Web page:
Quitting Smoking - Prescriptions



The following products for cessation of smoking are available by prescription only. Nicotine for nicotine replacement therapy is available by prescription as an inhaler or nasal spray (Nicotrol Inhaler and Nicotrol NS).These other forms of delivery of nicotine seem to work as well as the nicotine patches or gum. Prescription nicotine replacement products are more expensive than over-the-counter products.

Varenicline (Chantix) is a prescription drug approved by the U.S. FDA to help adults quit smoking. Chantix does not contain nicotine, but is believed to act on the same receptors (the sites where nicotine acts to produce its effects) in the brain as nicotine, resulting in activation (stimulation) of these receptors and blocking the ability of nicotine to attach to these receptors. Chantix should be taken seven days prior to the date an individual desires to quit smoking, and most people will keep taking Chantix for up to 12 weeks. Side effects of the medication may include nausea, vomiting, gas, constipation, and changes in dreaming. Chantix is not appropriate for use by pregnant and breast-feeding women and people with certain chronic medical conditions.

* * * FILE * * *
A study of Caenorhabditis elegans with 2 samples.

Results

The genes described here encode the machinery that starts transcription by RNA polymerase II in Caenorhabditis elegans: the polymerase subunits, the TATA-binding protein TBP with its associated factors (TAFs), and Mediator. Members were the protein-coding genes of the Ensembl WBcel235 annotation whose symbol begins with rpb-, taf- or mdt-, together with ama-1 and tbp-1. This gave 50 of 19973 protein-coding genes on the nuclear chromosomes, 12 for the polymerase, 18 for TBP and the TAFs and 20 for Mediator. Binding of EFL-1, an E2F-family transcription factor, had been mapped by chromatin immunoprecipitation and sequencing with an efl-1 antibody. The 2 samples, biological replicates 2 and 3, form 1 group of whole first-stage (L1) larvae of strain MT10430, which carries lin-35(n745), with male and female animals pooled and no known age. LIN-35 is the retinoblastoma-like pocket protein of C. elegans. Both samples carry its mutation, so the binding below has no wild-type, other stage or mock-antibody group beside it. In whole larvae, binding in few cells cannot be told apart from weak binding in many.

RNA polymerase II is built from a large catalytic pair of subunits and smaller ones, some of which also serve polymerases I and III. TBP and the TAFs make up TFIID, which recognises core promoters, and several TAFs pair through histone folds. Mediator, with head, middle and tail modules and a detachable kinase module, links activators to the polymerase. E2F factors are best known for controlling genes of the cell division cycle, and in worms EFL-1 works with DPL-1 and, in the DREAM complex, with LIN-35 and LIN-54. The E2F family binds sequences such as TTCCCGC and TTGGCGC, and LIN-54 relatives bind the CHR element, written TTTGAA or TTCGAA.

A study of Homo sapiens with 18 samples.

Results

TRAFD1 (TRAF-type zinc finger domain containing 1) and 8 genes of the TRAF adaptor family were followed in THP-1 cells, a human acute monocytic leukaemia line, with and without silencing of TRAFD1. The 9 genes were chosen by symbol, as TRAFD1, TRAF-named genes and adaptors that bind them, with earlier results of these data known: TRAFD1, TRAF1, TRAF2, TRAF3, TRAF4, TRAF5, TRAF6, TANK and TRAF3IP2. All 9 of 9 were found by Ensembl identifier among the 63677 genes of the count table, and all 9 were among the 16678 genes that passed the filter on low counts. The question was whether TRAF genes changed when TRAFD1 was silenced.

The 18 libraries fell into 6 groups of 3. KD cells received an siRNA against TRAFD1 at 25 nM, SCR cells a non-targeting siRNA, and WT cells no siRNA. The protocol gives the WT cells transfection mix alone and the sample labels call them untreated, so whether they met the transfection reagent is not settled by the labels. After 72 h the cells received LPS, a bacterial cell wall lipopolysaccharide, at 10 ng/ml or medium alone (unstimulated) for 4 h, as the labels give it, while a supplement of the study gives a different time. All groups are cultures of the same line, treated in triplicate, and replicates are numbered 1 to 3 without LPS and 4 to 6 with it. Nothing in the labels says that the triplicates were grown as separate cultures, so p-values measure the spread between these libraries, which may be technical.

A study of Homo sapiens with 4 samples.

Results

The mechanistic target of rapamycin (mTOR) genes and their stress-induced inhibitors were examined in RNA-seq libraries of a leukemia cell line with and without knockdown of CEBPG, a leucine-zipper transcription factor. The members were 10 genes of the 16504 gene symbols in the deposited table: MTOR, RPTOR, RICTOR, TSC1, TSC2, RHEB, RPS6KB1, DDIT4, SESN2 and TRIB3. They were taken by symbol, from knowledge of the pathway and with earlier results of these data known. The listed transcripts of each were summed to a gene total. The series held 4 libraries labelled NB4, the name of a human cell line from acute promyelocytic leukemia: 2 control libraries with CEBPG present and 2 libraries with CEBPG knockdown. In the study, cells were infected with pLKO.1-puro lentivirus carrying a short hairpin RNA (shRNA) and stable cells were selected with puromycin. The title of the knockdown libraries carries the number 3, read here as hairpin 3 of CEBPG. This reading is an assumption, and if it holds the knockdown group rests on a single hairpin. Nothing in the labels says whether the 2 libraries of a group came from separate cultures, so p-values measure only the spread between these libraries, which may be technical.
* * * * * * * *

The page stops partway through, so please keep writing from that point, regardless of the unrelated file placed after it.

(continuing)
Bupropion hydrochloride (Zyban, Wellbutrin) is a medication that is used primarily for treating depression. This drug, however, also has been found to be effective in helping people to quit smoking, and has been approved by the U.S. FDA for use in smoking cessation in adults.

Other agents that have been tried for cessation of smoking include serotonin reuptake antagonists (drugs also used for depression) and the anti-hypertensive drugs clonidine (Catapres) and calcium channel blockers. Although these agents appear to be less effective than nicotine replacement therapy, they may be promising for some people.

Return to Smoking (How to Quit Smoking)

See what others are saying

Comment from: mike, 35-44 Male (Patient) Published: January 17

It's now 16 days since I stopped, I'm in cold turkey in fact. I just made a decision, from 1st January 2014 not to smoke. I am doing well till now. My advice, just convince your brain, period.